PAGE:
When you think "flatbread," it's likely that one of the first flatbreads that comes to mind is pita bread. Anissa Helou, who wrote this week's Cook the Book selection, offers this recipe for home baking in Savory Baking From the Mediterranean. Because of the automated process and high-temperature commercial ovens found in most Lebanese bakeries, she says, these might not have the most even, thin layers--and they might not separate equally when they puff up in the oven--but that shouldn't stop you from experiencing the pleasure of homemade pita.
Cook the Book: Pita Bread
About This Recipe
- Heaping teaspoon (1/2 package) active dry yeast
- 3 1/3 cups unbleached all-purpose flour, plus extra for kneading and shaping
- 2 teaspoons fine kosher salt or sea salt
- 1/4 cup extra-virgin olive oil, plus more for greasing the bowl
Dissolve the yeast in 1/4 cup warm water and stir until creamy.
Combine the flour and salt in a large bowl and make a well in the center. Add the oil to the well and, using fingertips, rub the oil into the flour until well incorporated. Add the yeast and gradually add another 3/4 cup warm water, bringing in the flour as you go along. Knead until you have a rough, rather sticky ball of dough.
Remove the dough to a lightly floured work surface. Sprinkle the dough with flour. Knead for 3 minutes, sprinkling with more flour if the dough sticks. Invert the bowl over the dough and let rest for 15 minutes. Knead for about 2 to 3 minutes more, until the dough is smooth, elastic, and rather soft. Shape the dough into a ball and place in an oiled clean bowl, turning the dough to coat with oil. Cover with plastic wrap and let rise in a warm, draft-free place for 1 hour. Fold the dough, cover again, and let rise for 1 hour more. The dough should have doubled in volume.
Remove the dough to a work surface and divide it into 10 equal pieces. Roll each piece into a ball. Place on a floured surface. Cover with a wet but not dripping kitchen towel and let rise for 45 minutes.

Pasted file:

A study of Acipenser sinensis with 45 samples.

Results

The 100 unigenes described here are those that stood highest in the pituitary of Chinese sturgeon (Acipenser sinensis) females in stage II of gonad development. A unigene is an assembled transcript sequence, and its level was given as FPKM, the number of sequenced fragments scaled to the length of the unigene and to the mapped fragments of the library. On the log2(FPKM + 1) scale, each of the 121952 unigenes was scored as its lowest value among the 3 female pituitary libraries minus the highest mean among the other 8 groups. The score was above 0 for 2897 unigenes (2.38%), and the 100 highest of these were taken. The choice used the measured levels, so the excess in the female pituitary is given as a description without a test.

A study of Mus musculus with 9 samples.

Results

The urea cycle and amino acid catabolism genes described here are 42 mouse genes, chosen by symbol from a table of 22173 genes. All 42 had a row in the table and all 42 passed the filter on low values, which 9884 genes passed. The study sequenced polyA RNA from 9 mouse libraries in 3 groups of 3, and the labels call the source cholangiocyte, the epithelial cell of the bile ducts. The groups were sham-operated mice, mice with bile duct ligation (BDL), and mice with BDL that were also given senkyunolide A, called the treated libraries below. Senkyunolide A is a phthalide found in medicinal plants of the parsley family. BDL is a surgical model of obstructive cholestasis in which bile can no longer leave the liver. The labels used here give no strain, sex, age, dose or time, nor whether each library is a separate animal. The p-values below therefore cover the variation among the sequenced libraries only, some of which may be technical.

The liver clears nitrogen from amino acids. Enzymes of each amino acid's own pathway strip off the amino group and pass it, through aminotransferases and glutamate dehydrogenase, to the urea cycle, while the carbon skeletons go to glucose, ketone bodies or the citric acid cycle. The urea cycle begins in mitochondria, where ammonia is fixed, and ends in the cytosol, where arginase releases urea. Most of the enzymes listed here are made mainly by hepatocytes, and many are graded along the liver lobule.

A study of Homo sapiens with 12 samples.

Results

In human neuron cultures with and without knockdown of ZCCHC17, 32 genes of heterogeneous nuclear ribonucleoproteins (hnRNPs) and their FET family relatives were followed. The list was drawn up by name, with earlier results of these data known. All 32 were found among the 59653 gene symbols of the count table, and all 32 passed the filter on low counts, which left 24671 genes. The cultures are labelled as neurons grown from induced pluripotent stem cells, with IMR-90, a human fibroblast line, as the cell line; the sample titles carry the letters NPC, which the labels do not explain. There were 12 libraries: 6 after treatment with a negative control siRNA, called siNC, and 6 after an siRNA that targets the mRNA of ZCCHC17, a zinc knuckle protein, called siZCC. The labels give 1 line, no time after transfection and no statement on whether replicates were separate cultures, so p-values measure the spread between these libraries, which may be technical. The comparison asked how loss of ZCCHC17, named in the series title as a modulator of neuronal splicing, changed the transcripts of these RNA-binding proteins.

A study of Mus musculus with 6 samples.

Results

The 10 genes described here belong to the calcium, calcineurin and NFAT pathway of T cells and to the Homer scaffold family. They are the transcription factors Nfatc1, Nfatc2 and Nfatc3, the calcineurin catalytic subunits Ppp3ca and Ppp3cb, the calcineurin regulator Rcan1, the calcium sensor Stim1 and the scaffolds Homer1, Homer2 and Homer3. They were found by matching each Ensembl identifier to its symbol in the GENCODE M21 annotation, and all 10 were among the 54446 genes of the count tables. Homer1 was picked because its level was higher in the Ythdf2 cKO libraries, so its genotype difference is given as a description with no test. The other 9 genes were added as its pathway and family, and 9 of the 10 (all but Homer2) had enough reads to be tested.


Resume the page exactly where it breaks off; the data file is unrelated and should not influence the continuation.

Preheat the oven to 500°F. Roll out each ball of dough to a circle 6 or 7 inches in diameter, adding flour to the work surface and dough as needed. Try to form perfectly rounded circles; a good way to achieve this is to give the circle a quarter turn between each rolling out. (A pasta machine also may be used to roll out the circles.) Transfer the circles of dough to a nonstick baking sheet. Cover the circles of dough with a floured couche (baker's linen), preferably, or a dry kitchen towel. Let rest for 15 to 20 minutes.
Bake the pitas for 6 to 8 minutes, until well puffed and very lightly golden. The baking time will vary depending on how hot the oven is; it is a good idea to start checking the breads after 5 minutes. Bake in separate batches if the oven is not large enough. These are best served immediately or still warm. Or let them cool on a wire rack and freeze them in a plastic freezer bag. Simply defrost them in the bag, then remove them from the bag and reheat in a warm oven.
To fold dough, flour your work surface and hands well so that the dough does not stick. The invert the bowl that contains your dough, holding on floured hand open underneath it so that the dough can drop onto it. Place the dough on the work surface and flatten the dough by hand into a circle, expelling some of the gasses. Fold one third of the circle over, flatten again, and brush off any excess flour. Then fold the opposite third over and flatten to make a rectangle. Brush off excess flour, then fold one third of the rectangle and fold the other third over. Brush off flour and return seam side down to the bowl. Be sure to sprinkle your bowl with more flour before replacing the dough in it.